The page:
Sit still and be quiet

It was impossible for me as a kid to do this!

Meditation practices have been shown to bring about positive changes to brain structure, chemistry and function. It’s well worth cultivating a meditation practice. The following link points to five key articles on the state of current research.

http://meditation-research.org.uk/2014/03/meditation-and-neuroplasticity-five-key-articles/

Meditation is easier if we can concentrate, but concentration is disturbed by external distractions. Even if we are alone in a quiet room, we can find our minds wandering onto all sorts of unrelated topics. There are mental distractions as well.

Yoga offers asana (physical) practice as a toolkit for building a kind of stamina for concentration. Our focus on breath, foundation, alignment and comfortable movement absorbs us in the activity. We develop pratyahara – a quality of not being distracted unnecessarily by events around us. We get inquisitive about our own inherent patterns, and this sense of discovery keeps our attention in one place. Our minds wander off topic a lot less.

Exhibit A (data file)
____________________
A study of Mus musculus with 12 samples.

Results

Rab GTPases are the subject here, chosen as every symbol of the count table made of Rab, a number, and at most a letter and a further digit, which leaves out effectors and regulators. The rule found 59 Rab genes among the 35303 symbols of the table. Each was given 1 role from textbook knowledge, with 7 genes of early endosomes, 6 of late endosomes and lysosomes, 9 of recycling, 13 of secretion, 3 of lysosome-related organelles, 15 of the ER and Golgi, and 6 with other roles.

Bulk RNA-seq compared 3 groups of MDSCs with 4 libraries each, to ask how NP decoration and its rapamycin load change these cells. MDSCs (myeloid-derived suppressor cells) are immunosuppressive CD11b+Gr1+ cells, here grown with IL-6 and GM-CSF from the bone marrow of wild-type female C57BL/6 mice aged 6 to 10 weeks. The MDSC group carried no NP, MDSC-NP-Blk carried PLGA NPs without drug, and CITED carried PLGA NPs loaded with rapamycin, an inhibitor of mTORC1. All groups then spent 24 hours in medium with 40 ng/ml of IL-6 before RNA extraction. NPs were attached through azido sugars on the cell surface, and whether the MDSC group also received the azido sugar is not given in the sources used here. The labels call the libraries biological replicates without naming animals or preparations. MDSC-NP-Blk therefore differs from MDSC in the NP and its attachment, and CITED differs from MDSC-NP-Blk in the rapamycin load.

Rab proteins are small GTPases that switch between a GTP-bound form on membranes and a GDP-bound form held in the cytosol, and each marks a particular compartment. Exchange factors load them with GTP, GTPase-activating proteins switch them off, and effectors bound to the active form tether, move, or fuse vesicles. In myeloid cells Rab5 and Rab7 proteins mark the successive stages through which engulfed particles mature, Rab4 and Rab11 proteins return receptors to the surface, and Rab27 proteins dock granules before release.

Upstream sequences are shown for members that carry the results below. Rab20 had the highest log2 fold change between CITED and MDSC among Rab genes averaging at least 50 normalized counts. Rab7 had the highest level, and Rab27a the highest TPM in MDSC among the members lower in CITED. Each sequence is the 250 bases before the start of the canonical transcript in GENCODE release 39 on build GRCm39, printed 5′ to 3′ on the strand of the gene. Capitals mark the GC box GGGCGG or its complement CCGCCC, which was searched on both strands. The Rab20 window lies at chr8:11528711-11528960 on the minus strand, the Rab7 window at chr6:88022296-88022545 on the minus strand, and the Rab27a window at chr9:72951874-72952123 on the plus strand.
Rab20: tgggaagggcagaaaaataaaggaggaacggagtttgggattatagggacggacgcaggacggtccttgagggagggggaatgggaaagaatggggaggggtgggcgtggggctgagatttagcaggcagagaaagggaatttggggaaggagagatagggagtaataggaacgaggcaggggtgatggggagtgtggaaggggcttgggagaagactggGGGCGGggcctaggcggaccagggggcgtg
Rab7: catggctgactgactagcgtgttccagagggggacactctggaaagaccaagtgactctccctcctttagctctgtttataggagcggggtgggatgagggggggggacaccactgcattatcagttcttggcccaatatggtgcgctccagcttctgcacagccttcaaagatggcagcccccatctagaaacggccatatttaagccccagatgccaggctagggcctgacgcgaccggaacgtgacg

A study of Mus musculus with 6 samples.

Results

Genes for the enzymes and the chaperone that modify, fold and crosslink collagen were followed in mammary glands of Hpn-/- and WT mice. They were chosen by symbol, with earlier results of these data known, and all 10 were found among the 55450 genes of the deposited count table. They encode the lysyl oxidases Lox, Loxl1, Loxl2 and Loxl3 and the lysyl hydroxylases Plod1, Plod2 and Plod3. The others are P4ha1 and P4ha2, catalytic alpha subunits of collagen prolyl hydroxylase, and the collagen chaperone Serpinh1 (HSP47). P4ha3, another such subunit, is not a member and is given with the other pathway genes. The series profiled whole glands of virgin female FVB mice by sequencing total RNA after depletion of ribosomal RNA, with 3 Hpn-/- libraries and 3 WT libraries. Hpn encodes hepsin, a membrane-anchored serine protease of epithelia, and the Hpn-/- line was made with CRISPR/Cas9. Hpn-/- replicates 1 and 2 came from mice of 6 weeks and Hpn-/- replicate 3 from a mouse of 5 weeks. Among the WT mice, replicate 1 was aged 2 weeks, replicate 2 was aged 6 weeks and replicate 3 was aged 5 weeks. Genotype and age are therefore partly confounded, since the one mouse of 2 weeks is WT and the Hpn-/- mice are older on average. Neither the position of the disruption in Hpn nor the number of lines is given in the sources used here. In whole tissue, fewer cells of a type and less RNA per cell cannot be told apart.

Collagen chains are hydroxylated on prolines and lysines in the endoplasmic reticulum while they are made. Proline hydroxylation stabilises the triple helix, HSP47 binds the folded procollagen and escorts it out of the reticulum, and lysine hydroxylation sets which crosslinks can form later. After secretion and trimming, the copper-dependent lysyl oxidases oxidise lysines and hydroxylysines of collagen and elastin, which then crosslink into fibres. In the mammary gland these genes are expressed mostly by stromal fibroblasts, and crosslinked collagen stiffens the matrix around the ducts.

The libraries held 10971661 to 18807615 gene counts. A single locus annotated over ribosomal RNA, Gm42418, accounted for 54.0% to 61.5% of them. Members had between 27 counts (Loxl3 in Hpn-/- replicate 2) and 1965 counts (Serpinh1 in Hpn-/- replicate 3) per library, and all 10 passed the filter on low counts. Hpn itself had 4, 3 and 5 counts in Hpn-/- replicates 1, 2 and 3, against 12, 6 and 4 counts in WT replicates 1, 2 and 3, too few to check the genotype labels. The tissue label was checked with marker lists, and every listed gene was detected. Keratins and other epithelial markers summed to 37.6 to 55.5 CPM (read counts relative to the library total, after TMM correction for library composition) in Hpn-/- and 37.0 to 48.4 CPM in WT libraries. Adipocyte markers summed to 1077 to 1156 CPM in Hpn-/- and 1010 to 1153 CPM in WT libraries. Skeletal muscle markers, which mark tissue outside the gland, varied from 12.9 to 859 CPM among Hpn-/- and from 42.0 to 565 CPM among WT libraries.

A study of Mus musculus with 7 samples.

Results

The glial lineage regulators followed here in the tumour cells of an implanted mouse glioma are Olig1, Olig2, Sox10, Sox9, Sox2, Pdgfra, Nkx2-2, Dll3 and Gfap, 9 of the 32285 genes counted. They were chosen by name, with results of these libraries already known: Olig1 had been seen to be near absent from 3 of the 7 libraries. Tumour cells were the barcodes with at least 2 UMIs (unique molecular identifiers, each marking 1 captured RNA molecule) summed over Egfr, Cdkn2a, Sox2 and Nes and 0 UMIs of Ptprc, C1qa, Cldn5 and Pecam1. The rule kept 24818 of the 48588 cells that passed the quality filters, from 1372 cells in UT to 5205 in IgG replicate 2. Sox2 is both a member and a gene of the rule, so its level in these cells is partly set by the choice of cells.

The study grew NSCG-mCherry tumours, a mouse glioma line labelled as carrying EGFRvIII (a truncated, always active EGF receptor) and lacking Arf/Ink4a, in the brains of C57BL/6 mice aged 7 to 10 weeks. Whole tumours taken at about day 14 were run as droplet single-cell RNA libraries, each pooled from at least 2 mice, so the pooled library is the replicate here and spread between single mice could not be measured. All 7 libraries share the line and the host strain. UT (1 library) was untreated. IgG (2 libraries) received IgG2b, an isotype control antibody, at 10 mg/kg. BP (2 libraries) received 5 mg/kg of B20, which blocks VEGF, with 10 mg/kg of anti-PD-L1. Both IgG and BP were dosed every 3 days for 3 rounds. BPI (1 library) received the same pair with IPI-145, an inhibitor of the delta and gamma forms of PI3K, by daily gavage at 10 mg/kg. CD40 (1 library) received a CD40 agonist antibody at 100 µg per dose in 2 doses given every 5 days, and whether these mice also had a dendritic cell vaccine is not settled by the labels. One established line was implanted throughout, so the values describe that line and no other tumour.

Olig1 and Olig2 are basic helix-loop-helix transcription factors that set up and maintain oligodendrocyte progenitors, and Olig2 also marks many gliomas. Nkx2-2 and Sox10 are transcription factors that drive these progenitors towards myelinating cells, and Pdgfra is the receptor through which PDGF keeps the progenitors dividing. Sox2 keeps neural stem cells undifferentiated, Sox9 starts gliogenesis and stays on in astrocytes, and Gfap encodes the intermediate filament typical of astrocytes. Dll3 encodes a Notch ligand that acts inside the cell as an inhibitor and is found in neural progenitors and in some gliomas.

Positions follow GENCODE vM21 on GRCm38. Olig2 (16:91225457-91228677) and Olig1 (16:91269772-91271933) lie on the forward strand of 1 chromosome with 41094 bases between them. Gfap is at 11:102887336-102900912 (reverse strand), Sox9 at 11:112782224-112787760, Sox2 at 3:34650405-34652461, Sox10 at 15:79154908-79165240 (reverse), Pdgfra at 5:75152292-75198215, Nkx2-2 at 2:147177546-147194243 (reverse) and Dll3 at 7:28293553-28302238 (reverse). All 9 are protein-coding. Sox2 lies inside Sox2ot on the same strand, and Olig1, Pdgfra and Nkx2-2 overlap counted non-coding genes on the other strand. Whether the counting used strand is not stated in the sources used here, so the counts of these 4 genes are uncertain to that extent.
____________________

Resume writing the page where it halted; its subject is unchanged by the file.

It’s from this place that ekagrata dharana can arise – our own technique for staying on topic for as long as we want to. No one is saying this process is easy – if you thought some of the postures were tricky then just wait until you start training your mind! But like the physical practice – once it’s in place then it’s there for the long run. Meditation opens up for us, and as you can see from the related articles, this can only be a positive thing.